Production rate of the F-35 Lightning II Joint Strike fighter has slowed down owing to the supply chain being hit by the COVID-19 pandemic.
“Maintenance and upgrade developments will likely experience only minimal COVID-19 impacts. The disruptions introduced by this virus have caused us to reduce our 2020 sales expectation as production and supply chain activities have recently slowed in our aeronautics business area,” Marillyn Hewson, Lockheed Martin’s chief executive, told financial analysts during a conference call.
The company lowered its predicted 2020 sales from a previous $62.7-64.25 billion by $250-500 million. The upgraded estimated sales figure now stands at $62.25-$64 billion.
While the F-35A variant costs $89.2 million, the F-35B and F-35C variants come with a price tag of a little more than $100 million apiece.
Last October, LM bagged a mega deal worth $34 billion, to build 478 F-35 jets for the US and allies. The deal brought down the prices of all three variants of F-35s. The deal reduced the price of the F-35A to to less than $80 million by the third batch.
While Lockheed Martin is experiencing supply chain disruptions for several of its programs, the company’s aeronautics division and specifically its F-35 production poses the most significant concern, said Ken Possenriede, Lockheed Martin’s chief financial officer.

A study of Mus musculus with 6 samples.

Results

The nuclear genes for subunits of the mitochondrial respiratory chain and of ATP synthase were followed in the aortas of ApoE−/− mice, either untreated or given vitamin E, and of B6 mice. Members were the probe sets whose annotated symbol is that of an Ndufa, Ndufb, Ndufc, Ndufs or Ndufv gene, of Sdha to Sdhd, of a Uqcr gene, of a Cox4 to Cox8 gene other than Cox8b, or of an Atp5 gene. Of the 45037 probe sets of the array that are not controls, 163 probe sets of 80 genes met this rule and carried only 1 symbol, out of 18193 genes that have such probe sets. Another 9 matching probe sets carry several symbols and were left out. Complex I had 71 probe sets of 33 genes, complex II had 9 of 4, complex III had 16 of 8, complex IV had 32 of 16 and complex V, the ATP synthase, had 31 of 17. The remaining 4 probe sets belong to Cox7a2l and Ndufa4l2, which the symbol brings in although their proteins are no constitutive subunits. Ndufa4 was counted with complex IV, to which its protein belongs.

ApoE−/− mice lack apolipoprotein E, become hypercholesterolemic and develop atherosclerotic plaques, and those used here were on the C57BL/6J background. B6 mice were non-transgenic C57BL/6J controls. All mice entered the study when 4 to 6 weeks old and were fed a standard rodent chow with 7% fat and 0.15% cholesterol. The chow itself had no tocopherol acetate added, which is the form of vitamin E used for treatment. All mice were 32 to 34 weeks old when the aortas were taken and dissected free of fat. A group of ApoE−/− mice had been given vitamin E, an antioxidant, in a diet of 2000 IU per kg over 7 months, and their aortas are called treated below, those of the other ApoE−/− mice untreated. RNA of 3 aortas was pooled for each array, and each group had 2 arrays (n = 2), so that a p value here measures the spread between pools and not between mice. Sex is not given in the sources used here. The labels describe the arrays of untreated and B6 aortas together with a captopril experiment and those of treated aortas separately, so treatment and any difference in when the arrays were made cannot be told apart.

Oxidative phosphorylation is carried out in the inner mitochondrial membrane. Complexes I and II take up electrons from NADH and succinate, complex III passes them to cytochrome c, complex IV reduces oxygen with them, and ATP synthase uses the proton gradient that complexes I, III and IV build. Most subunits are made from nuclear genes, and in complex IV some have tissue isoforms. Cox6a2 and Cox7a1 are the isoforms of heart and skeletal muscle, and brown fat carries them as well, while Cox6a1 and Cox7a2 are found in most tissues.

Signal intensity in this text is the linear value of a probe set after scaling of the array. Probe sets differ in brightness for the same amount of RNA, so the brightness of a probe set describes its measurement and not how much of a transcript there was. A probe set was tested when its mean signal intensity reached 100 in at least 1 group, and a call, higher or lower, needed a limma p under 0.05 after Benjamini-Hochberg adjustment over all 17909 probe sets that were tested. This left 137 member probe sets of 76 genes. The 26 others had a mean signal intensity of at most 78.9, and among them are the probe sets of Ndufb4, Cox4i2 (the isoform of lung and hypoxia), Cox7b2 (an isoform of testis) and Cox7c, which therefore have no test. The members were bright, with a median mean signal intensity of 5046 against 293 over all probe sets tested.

“Our current expectation is the next few months will be the peak of disruption, as the country and the rest of the world looks to successfully flatten the curve and move forward," Possenriede added.
Earlier this week, Ellen Lord, the Under Secretary of Defense for Acquisition and Sustainment, noted that shutting down assembly lines to allow for social distancing, coping with a smaller workforce and breaks in the supply chain as manufacturers of components struggle to keep on schedule, is disrupting production.
Through the Coronavirus Aid, Relief and Economic Security (CARES) Act, the Pentagon is hoping to receive "billions and billions" of dollars of additional funding to help bolster national security-related supply chains.
“The Pentagon changed its progress payment rate from 80-90% of the contractor’s costs and changed some of the conditions regarding when progress payments are made,” the CFO added.
“We are now flowing this down to our supply base, starting with our small suppliers and our vulnerable suppliers,” he said. “We have a process where we work with our supply chain. They tell us who those suppliers are, we work with [US Department of the] Treasury to determine on a weekly basis the cash flow.”
Other Lockheed Martin programs, such as space and missile systems, are less vulnerable to COVID-19-related disruptions. They either have much longer production cycles that can weather a months-long disruption or involve engineering work that can be done remotely or through staggered scheduling at worksites, Possenriede said.